Trump administration considers ban on e-cigarettes, however, small business owners believe it's online and street sales causing health problems
The Trump administration announced they will consider a ban on flavored e-cigarettes following an outbreak of vaping related deaths that left at least 6 people dead. But owners of Vapor Express says before a ban is implemented more research needs to be done into whether people who became ill or died, were vaping knock off products they bought online, whether those products containing vitamin E, or if the products the people were vaping contained THC. Owners say the legitimate stores in Ohio don't sell products containing THC, the active ingredient in marijuana.
Federal and state investigators have stated one common thread in reported cases of pulmonary disease, was street purchased THC oil from marijuana, that contained Vitamin E acetate.
It's estimated around 9 million people vape in the United States. Owners of Larry's drive-thru and mini-mart in Poland Township will stop selling vaping supplies. The owner says they don't want to take any chances, however, they will continue to sell cigarettes, cigars, and alcohol.
Owners of Vapor Express say they don't plan on vaporizing their small business. One of the three women business owners Patti Bondar said, "It helped me quit smoking. I tried 35 out of 40 years to quit smoking but never could. The first day I tried vaping and I quit. That is how this became my passion. I could not walk or talk without coughing. I believe it saved my life. We have had customers come in here and say vaping saved their lives. We are careful about the products we sell. Our supplier for our house blends has liability insurance which means they stand behind their products. Before anyone bans the products they should pay attention to on one sales. On line sales are rampant. There are people selling TCH cartridges and they are expensive and you have to buy so many of them. So some people may be buying those then selling them on the street. There are companies online that sell knock off products. Everyone is hearing the headlines but they are not listening to the end of the story. A majority of the cases involve THC. We do not sell products with THC in Ohio. We do sell CBD products but they are pharmaceutical grade products. We work to put extremely reliable products in our store. To generalize and say everyone stop vaping today is unfair. People have been buying products that contain vitamin E instead of vegetable glycerin when vitamin E can solidify in a person's lungs. In addition, none of our products contain Diacetyl which was linked to popcorn lung by the CDC."
Diacetyl is used to flavor foods. The substance has been banned by the United Kingdom in vaping materials. That substance was linked to popcorn lung by the CDC, after workers at a popcorn plant came down with permanent lung problems in the past. The chemical is responsible for a buttery taste and was used in the manufacture of popcorn but the industry stopped using diacetyl.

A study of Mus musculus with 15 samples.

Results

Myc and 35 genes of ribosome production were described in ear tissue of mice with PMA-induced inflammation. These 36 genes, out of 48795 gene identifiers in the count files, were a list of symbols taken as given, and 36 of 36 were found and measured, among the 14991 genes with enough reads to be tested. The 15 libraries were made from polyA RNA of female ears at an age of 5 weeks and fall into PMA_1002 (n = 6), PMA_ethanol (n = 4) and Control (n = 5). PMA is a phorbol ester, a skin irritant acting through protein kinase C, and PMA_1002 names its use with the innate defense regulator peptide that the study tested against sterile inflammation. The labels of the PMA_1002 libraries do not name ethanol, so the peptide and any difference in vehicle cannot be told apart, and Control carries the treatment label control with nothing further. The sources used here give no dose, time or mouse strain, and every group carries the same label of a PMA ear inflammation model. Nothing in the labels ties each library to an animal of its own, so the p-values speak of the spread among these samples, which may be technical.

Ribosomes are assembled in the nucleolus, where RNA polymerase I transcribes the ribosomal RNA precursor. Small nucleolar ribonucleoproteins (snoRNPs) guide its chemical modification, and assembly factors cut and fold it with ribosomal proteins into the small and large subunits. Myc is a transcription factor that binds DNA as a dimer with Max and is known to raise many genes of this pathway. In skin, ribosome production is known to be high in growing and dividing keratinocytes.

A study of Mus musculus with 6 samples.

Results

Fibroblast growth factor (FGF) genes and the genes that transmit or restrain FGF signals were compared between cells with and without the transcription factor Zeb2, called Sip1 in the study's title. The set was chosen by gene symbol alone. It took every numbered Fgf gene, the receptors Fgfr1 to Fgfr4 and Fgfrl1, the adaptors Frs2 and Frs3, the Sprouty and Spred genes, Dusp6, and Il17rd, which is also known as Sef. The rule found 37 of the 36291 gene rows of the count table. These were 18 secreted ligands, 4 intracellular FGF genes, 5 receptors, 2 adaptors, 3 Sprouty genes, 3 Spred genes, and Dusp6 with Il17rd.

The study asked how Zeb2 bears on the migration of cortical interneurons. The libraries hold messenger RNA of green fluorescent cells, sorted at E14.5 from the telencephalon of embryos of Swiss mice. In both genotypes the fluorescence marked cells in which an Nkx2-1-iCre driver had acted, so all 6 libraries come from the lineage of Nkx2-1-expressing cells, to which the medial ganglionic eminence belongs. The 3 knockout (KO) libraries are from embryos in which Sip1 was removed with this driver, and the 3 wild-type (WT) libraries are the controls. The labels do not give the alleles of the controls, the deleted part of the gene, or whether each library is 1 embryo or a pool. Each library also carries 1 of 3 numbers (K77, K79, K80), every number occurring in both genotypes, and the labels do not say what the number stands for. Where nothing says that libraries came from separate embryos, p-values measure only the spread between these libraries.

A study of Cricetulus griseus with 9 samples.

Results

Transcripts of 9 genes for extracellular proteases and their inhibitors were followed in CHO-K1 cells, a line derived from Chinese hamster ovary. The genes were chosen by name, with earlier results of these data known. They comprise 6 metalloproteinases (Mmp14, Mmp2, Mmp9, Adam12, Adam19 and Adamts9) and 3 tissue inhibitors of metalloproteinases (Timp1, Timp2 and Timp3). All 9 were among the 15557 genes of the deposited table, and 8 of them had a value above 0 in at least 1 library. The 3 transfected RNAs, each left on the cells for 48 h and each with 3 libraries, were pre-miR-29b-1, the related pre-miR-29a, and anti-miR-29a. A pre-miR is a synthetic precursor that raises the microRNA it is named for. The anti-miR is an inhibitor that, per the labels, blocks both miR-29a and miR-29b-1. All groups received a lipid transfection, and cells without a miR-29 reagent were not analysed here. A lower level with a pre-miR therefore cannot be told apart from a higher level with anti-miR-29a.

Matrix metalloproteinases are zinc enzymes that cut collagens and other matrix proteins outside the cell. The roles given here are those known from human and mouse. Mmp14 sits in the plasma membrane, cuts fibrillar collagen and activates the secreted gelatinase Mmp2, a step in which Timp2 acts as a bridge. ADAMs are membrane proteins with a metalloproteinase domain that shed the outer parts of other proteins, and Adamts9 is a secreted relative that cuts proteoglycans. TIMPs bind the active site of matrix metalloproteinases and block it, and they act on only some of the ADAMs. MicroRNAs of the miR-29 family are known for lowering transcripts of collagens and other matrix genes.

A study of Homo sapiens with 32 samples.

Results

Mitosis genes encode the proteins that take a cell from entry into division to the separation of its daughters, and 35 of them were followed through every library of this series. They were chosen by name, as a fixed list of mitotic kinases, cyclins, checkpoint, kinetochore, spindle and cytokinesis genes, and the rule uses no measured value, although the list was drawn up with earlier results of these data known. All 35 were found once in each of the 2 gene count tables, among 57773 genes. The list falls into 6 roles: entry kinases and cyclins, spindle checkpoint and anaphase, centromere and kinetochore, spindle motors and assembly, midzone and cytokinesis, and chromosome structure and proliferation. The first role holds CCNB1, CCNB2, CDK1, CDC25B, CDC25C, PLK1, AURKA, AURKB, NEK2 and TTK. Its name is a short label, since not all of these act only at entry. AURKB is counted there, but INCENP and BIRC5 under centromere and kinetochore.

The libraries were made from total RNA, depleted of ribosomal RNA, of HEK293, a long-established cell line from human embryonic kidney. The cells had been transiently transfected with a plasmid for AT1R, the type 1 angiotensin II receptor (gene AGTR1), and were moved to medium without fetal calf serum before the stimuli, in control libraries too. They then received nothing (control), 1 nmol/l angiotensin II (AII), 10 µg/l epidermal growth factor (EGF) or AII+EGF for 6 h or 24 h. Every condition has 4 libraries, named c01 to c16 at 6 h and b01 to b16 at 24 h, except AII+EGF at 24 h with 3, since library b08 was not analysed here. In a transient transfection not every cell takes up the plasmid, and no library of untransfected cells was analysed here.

Attorney David Betras said, "I imagine there will be some lawsuits in the future in states where there have been reported illnesses and deaths. Any business that sells any product should have a commercial liability policy. The policies are not that expensive. There has been no mass litigation so far, and I think that is to be determined. The question becomes can you prove your illness was caused by vaping. That is a big hurdle for someone. Certainly, if a pen explodes that is a lot easier to prove than I got sick from vaping. You can probably find doctors that say a person was sick from vaping, and you can probably find doctors who will say that person would have gotten this sickness regardless of the vaping. So you have to prove causation. That the vaping caused their injury. Potentially if there is no warning on the product there could be a risk for e-cigarettes that they could be held liable."
As of September 6, 2019, the Centers for Disease Control reported over 450 possible cases of lung illnesses associated with the use of e-cigarette products from 33 states. Five deaths have been confirmed in California, Illinois, Indiana, Minnesota, and Oregon. Many patients report using e-cigarette products with liquids that contain cannabinoid products such as THC. The agency recommends not using e-cigarette products. The CDC and Food and Drug Administration are working with states to identify the substances or products that may be causing or contributing to the illnesses. The agencies state, "While this investigation is ongoing, people should consider not using e-cigarette products. People who do use e-cigarette products should monitor themselves for symptoms, (e.g., cough, shortness of breath, chest pain, nausea, vomiting, abdominal pain, fever) and probably seek medical attention for any health concerns. Regardless of the ongoing investigation, people who use e-cigarette products should not buy these products off the street and should not modify e-cigarette products or add any substances that are not intended by the manufacturer."
A source we talked with says the THC cartridges online are popular with some teens and young adults because they can conceal the product from their parents and people easier. The products don't smell as strongly as marijuana so they can get high and conceal what they are doing better.